Urban planners have sketched a people-friendly redevelopment vision for the St. Ann’s block in the downtown core.

City gets glimpse of downtown facelift

Buy has to get in line with other infrastructure demands on the city’s drawing board, mayor says

A people-friendly redevelopment of the St. Ann’s block downtown is “a great plan” on paper, but it has to get in line with other infrastructure demands on the city’s drawing board says Mayor Walter Jakeway.

The mayor, councillors, city officials and downtown entrepreneurs got a preview of the redevelopment “vision” Monday at an urban planning open house at the Tidemark Theatre.

“So far we haven’t seen a price tag,” Jakeway said. “Actually, this is our first time seeing this. It does give a good indication of the potential of downtown. It’s a great plan. I don’t think right now we can afford to do too much of it. We can probably do a small portion of it to start. It does set the future.

“A lot of cities have got themselves in trouble over the years trying to force downtown development and hopefully our city won’t have the same problem,” the mayor added.

“We’ve got competing areas in our city also looking for basic services that we have to balance off before we go too far with this. Those people are paying taxes and looking for basic services. We need as much public consultation as we can get on this.”

Kevin King, urban planner with Vancouver-based Dialog, said: “The city has asked us to look at a conceptual level of the public realm around St. Ann’s.”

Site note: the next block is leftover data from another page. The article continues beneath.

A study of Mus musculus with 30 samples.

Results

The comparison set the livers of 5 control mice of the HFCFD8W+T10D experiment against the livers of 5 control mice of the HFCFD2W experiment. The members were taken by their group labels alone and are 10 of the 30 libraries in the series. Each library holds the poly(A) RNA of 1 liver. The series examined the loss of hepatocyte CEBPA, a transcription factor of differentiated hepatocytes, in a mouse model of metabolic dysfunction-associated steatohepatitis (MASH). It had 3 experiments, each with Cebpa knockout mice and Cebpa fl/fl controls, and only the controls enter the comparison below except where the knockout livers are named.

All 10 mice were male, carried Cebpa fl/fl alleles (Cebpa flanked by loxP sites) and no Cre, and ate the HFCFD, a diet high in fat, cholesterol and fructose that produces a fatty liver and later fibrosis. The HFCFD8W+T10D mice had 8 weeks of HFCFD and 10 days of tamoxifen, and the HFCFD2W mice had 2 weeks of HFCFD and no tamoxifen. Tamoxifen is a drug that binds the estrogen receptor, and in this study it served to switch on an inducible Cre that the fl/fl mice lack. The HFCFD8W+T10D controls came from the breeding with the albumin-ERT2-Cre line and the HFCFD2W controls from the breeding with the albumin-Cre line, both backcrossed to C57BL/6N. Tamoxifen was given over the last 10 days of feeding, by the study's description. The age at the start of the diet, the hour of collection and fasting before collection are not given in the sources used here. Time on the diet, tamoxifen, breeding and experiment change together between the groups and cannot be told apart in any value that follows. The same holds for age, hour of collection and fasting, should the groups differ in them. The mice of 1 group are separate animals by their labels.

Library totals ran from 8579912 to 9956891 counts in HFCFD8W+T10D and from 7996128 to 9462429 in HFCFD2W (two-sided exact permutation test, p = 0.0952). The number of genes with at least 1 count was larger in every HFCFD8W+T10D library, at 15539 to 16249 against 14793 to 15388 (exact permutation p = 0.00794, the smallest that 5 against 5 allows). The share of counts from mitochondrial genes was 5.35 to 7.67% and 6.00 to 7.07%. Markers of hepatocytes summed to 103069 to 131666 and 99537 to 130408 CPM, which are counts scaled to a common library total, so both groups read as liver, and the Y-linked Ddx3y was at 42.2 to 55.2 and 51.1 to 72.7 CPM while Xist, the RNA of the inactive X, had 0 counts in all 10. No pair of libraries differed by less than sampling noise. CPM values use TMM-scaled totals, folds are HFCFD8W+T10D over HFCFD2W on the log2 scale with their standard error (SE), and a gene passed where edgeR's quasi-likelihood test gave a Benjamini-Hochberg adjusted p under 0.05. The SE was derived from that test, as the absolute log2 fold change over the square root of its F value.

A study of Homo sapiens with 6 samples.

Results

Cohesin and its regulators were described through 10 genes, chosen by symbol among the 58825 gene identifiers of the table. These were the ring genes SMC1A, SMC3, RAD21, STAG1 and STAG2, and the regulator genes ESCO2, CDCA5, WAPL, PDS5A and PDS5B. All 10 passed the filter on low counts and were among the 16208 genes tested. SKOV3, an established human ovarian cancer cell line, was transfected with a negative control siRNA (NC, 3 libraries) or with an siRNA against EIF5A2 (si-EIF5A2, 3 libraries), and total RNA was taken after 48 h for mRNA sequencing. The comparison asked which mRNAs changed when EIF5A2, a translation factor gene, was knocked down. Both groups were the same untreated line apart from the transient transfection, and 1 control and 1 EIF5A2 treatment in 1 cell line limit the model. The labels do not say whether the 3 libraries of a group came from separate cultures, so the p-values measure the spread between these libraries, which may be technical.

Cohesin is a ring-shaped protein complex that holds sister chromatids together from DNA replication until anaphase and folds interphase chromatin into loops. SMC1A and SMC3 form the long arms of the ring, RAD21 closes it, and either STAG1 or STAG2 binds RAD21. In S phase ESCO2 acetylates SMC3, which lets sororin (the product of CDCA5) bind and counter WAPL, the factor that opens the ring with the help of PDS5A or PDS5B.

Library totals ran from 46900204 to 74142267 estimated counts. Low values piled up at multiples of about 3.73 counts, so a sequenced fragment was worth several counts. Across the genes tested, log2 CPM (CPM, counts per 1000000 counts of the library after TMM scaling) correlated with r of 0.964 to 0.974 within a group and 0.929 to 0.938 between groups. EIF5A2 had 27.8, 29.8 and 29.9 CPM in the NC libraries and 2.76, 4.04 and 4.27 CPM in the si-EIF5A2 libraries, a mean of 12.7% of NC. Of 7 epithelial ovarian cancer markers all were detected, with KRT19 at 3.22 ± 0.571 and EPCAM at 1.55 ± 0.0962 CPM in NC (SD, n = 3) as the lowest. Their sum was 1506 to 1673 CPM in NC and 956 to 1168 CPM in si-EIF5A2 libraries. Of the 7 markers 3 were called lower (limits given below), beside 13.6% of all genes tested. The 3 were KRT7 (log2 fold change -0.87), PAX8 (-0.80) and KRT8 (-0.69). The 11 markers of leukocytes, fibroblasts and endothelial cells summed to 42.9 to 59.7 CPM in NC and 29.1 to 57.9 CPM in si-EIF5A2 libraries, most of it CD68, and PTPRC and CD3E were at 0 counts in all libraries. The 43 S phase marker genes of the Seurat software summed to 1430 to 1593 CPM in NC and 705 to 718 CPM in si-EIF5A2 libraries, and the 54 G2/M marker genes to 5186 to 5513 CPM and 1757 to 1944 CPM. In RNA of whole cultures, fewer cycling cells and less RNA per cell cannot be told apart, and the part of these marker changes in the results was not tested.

“Our approach is that the most successful scenario is treating the public realm and some of the private realm owned by Seymour Pacific Developments as a singular space. One of the big ideas is a green link from City Hall along St. Ann’s Road to Robert Osler Park. It’s about starting to pull the benefit of the waterfront park back into the city.”

The concept also calls for more pedestrian space along Alder Street in front of the Scotiabank, turning Dubeau Street (the lane behind Shoppers Row) into a pedestrian boulevard and transforming parking spaces into public spaces such as farmers markets on the weekend.

“The idea of continuous use of the space relies on collaboration between Seymour Pacific and the city,” King said.

Scotiabank Professional Accounts Manager Keith Davidson said: “It’s going to be great for the town. It’s going to be a town centre. It’s going to tell people that people are willing to build here and move here. Psychologically people need to see construction. This is a great place to be and it’s a good time to build.”

The city’s Land Use Services Manager Ross Blackwell said the long term planning vision is to “undertake an exercise that will look at all the opportunities and assess the constraints facing the downtown core so that a comprehensive and co-ordinated approach to revitalization can be explored and implemented strategically.”

Blackwell said the initial planning for the St. Ann’s block has been accelerated by the Seymour Pacific project. “It’s a little earlier than would be the ideal in the world of linear planning, but we saw the opportunity and we adjusted things to suit. The bigger picture is still to come.”